The coronavirus that has been pushed to the awareness sideline by a watershed moment in U.S. race relations has quietly reached 2 million U.S. infections.
The Johns Hopkins virus dashboard counted more than 27,000 new cases Wednesday alone, a day that saw almost 1,000 U.S. deaths. More than 113,000 Americans have died.
As the nation slowly reopens after months of lockdown, the pandemic that paralyzed the global economy is still very much among us. Despite a decline in U.S. deaths for six weeks in a row, Dr. Ashish Jha, director of the Harvard Global Health Institute, says the U.S. must be prepared for 100,000 victims in the next few months.
"The pandemic is still here. Between 800 and 1,000 people are dying a day," Jha tweeted. "We can't become immune to this. We can't."
And even the 2 million infections is a lowball number, says Melissa Nolan, an infectious disease expert and professor at the University of South Carolina. The latest information from the CDC suggests that for every four symptomatic cases there is one asymptomatic case, which would suggest that the true infection burden nationally would be about 2.4 million, she says.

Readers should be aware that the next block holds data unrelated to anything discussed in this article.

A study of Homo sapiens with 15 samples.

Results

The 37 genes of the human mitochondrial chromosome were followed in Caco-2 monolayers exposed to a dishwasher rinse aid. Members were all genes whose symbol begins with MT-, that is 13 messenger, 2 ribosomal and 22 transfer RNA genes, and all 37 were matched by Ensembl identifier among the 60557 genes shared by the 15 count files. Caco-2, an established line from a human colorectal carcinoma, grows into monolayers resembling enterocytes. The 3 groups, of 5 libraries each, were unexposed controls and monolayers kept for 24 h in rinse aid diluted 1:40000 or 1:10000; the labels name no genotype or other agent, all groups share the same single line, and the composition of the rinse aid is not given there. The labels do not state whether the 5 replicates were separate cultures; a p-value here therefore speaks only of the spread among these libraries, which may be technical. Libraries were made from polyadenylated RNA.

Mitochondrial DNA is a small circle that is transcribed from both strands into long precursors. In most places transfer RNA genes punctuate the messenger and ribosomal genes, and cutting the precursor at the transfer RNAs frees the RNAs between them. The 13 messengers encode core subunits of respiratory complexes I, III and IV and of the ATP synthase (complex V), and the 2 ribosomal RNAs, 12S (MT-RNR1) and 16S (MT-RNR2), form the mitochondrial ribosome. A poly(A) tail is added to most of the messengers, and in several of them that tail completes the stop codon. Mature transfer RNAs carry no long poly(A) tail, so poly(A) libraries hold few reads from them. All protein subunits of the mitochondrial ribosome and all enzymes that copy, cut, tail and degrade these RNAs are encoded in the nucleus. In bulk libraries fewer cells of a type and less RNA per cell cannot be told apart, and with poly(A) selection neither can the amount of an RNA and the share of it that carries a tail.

And it's not just the United States. India is reporting a spike: Nearly 10,000 new cases reported Thursday. South Korea, the world's success story for its triumphant effort to flatten the curves for new cases and deaths, is now seeing a worrisome infection boom.
"As the virus is spreading quickly, there is a limit in containing the spread just by tracking people who have made contact with COVID-19 patients," warned Yoon Tae-ho, a senior health official in South Korea.
Health experts understand the urgency in reopening the U.S. economy. About 1.5 million Americans filed first-time applications for unemployment insurance last week, pushing the tally over the past 12 weeks to a record-smashing 43 million people.
After months of lockdowns, then a slow reopening and mass demonstrations over racial inequities, it's not clear whether Americans are prepared to continue making social distancing sacrifices that could be needed to stem the outbreak.
"The next year will be a new normal for us all," Nolan said. "We are going to see some transitions that will hopefully with time allow us as a nation to eventually return to life as we knew it."